Posts: 81
Joined: July 2010
Location: Shropshire, UK

The Orpheus Descent by Tom Harper

Post by Manda Scott » Wed March 20th, 2013, 4:41 pm


Tom Harper is rapidly making a name for himself as a sure-footed author of dual time line books which combine a contemporary thriller with a historical action thriller or mystery, in which the synthesis of the two worlds woven together is greater than the sum of its parts. The Orpheus Descent is by far his most ambitious novel to date; I’d go as far as to say it's a project of enormous daring and the wonder of it is that he pulls it off.

The basic premise is that Plato, a somewhat second rate philosopher who had studied with – and worshipped – Socrates, is shipwrecked off the Italian coast and ends up at Syracuse (aka Sicily) as the ‘house guest’ and effective prisoner of the tyrant Dionysius I. He is seeking a friend, Agathon, and Agathon was seeking the truth that came before Pythagorus, which may well take him to Hades.

In the modern day, Jonah is a musician with a successful, but possibly falling-apart rock band. On the night of the (maybe last) gig, he drives down to Greece to meet his wife, Lily. Except Lily isn’t there and everyone is lying to him about where she might be and what she might be doing. In his search for Lily, Jonah finds a golden wafer on which is written the directions to the Underworld.

As the two narratives combine, Jonah must follow his heart, and Lily’s footsteps into the Underworld, just as Plato finally follows Agathon – and so we discover the truth of the path to the Underworld, to the life beyond death, and what we might meet there. Plato, on emerging, becomes the greatest philosopher the Western world has ever known. Jonah, however, must still rescue his wife, and the enigmatic woman who has led him into Hades.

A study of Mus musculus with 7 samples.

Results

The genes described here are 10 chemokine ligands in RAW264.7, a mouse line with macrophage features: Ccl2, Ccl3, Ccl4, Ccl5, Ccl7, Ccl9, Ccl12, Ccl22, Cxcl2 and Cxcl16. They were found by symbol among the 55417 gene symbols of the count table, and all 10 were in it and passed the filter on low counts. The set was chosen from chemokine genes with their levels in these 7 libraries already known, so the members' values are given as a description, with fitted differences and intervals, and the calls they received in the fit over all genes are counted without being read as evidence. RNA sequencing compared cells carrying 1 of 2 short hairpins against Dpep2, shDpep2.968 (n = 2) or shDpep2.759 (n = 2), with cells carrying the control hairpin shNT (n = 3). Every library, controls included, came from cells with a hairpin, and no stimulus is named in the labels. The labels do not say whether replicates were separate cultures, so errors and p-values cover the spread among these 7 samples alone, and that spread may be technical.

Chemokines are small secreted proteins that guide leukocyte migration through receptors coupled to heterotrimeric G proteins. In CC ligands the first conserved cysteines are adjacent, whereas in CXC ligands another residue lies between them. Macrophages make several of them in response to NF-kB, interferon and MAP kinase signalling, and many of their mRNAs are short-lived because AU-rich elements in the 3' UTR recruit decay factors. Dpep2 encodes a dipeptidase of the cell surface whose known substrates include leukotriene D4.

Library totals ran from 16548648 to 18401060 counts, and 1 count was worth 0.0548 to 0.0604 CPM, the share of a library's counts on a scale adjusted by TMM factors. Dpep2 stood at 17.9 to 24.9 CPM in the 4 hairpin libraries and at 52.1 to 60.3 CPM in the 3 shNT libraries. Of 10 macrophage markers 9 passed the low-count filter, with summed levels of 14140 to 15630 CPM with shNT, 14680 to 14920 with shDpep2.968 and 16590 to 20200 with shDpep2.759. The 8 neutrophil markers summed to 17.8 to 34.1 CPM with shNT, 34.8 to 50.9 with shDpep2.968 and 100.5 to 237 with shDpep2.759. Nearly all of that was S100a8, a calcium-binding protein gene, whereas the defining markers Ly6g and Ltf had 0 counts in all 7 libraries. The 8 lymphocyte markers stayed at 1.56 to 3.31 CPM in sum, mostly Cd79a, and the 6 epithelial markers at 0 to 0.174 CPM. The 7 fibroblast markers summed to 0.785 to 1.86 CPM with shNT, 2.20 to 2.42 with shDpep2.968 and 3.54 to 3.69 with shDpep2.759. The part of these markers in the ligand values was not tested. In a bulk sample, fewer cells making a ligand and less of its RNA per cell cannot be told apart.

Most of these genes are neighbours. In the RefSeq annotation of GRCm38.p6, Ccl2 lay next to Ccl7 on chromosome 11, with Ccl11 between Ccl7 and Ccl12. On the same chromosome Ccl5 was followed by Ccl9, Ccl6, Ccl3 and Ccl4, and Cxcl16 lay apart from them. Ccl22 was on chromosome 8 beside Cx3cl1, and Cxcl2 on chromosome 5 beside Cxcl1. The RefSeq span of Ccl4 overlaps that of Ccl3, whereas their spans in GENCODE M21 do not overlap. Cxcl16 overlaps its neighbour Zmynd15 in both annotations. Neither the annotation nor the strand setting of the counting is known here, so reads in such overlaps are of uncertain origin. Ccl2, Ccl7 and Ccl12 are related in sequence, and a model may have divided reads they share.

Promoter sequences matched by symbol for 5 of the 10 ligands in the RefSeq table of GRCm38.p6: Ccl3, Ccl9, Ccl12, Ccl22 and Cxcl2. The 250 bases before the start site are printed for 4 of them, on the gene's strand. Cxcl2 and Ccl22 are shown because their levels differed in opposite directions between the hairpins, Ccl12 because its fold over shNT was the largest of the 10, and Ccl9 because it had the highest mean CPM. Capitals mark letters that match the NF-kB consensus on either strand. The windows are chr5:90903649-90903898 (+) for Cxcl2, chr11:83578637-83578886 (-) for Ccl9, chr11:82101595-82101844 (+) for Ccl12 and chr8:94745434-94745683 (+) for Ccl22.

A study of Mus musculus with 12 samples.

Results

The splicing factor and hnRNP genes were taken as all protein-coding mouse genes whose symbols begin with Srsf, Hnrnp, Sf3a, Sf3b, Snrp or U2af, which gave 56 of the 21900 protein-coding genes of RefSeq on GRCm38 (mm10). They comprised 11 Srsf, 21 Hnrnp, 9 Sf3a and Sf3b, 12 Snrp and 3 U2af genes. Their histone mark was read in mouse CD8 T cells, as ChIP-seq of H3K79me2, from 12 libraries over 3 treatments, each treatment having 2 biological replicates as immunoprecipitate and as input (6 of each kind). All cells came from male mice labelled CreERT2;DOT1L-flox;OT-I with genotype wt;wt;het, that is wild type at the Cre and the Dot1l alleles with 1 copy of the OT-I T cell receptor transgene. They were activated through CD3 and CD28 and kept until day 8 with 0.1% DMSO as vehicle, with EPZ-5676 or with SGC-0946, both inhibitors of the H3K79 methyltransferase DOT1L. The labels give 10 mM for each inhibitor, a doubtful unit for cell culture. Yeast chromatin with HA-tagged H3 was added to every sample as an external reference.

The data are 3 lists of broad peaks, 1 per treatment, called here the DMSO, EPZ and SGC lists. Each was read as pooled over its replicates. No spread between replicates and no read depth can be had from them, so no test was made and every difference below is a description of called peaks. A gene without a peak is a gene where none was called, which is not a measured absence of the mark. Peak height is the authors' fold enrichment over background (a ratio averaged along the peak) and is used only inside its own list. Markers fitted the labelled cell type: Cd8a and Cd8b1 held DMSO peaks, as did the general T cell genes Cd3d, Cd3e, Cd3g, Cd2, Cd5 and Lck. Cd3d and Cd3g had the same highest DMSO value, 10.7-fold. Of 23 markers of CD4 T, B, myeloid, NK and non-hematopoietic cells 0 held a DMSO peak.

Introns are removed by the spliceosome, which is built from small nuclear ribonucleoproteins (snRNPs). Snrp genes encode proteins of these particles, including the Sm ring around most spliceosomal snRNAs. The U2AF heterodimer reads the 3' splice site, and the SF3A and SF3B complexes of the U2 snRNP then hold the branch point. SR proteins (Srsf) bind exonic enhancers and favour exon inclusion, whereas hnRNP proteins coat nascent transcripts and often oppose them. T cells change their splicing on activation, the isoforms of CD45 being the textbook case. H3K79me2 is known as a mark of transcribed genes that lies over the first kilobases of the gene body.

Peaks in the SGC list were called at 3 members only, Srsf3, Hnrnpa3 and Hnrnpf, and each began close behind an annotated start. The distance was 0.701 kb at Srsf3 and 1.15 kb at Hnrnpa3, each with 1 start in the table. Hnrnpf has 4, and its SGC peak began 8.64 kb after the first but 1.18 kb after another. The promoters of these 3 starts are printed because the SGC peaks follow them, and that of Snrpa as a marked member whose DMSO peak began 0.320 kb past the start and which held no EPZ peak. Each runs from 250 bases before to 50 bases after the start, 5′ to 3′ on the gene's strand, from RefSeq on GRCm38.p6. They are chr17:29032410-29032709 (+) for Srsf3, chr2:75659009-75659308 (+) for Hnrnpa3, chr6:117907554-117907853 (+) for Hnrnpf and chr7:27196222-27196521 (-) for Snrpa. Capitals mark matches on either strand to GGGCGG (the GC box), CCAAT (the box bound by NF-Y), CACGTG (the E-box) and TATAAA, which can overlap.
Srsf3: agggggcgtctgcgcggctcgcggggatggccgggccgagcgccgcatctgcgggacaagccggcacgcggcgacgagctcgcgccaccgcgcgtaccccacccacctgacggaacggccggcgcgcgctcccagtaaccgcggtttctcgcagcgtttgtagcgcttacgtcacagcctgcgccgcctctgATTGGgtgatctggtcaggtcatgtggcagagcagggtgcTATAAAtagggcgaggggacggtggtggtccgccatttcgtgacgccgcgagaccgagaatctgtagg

So much for the plot: it’s fast, it’s engaging and it’s clever; it’s a passionate love story -Jonah’s dual-thread of his first meetings with Lily and his hunt for her are very tender in places. But what lifts this book into another realm altogether – what makes it so very daring - is the bringing-alive of philosophy. This is the best of the ‘show, don’t tell’ writing tradition: a writer who knows and understands Plato in depth and can bring out of him the understanding that transformed him from a man who wrote second rate niggles at the Athenians who had murdered his beloved Socrates into the one whose depth we have never quite plumbed. Something huge had to have happened and in this book, we see the hugeness of it, without becoming lost in dry explorations of man and mind.

This book is unique in many ways. I thoroughly enjoyed it, and recommend it highly.


Bestselling author of
Boudica: Dreaming. INTO THE FIRE out in June 2015: Forget what you thought you knew, this changes everything.